UEFA president Aleksander Ceferin admits more work needs to be done to tackle racism in football.
Speaking at UEFA Congress in Amsterdam on Tuesday, Ceferin said “things need to change" in relation to racism.
The Slovenian added: "We must begin by applying the rules we already have. That would be a good starting point. That means applying the three-step procedure. We must not be afraid to do so. Everywhere. No exceptions.
"In the last three seasons, the UEFA disciplinary bodies have imposed 73 partial stadium closures and ordered 39 matches to be played behind closed doors following incidents of discrimination.
"That shows that we are doing what is currently in our power to do. But it also shows what a serious problem it is, and that we need to do more. More, and perhaps differently. So we that can be proud of ourselves once again."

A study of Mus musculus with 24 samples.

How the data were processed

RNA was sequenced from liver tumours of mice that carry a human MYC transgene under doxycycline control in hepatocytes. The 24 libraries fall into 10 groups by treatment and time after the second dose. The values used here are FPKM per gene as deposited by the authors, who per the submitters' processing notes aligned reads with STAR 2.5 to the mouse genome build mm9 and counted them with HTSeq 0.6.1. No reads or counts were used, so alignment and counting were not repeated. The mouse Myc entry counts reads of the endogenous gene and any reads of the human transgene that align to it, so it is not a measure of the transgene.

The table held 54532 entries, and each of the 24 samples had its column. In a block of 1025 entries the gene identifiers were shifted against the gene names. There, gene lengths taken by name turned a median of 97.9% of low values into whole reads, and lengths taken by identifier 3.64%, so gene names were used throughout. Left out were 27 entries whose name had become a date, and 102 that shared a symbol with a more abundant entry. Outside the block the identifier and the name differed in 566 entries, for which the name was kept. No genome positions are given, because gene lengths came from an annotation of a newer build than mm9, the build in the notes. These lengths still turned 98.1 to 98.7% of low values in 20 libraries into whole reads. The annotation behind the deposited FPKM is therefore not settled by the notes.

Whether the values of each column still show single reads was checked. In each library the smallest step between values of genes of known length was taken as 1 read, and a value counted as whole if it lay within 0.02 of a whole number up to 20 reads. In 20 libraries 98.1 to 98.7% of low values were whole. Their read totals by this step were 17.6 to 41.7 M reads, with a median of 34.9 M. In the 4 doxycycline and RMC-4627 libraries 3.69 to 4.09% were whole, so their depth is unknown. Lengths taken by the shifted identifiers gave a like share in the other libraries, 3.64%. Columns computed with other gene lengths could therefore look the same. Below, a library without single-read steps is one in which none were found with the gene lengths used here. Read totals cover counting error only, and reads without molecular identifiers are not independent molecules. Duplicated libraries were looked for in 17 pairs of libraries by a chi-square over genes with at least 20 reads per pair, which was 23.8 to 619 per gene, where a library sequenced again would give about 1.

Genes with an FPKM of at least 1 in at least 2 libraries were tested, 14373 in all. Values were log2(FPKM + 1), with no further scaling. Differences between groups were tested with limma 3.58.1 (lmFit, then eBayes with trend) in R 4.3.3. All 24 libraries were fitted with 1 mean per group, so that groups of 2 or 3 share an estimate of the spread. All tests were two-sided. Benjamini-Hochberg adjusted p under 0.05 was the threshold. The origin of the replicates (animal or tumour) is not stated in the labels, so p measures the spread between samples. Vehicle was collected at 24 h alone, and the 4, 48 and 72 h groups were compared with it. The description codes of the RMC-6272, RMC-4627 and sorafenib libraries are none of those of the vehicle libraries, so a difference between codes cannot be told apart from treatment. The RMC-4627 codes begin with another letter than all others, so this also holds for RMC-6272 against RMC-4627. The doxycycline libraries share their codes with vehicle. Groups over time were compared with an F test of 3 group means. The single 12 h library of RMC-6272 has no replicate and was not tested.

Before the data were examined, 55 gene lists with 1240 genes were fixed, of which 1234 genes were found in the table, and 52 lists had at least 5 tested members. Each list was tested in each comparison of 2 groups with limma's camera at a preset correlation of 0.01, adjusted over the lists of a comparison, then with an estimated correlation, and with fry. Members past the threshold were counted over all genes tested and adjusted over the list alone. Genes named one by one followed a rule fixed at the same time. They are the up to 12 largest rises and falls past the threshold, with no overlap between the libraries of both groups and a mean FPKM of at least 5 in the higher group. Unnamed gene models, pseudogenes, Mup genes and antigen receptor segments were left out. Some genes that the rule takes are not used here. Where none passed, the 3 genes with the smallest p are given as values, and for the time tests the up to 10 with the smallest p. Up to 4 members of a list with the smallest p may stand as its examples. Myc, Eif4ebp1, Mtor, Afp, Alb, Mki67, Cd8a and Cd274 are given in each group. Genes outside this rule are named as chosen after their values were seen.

UEFA has received criticism for not enforcing harsh enough punishments for racist abuse in the game.
The Bulgarian federation was ordered to play one match behind closed doors - with a further match suspended for two years - over the abuse directed at England's black players during a Euro 2020 qualifier last October.
Ceferin said racism was “a problem in our societies”.
"Football is, above all, a celebration of life, community and unity. It’s an exchange. It’s about sharing."
"The problem is not on the pitch, where diversity is greater than in any other sport and probably any other part of society. The problem is in our societies. And this has to stop."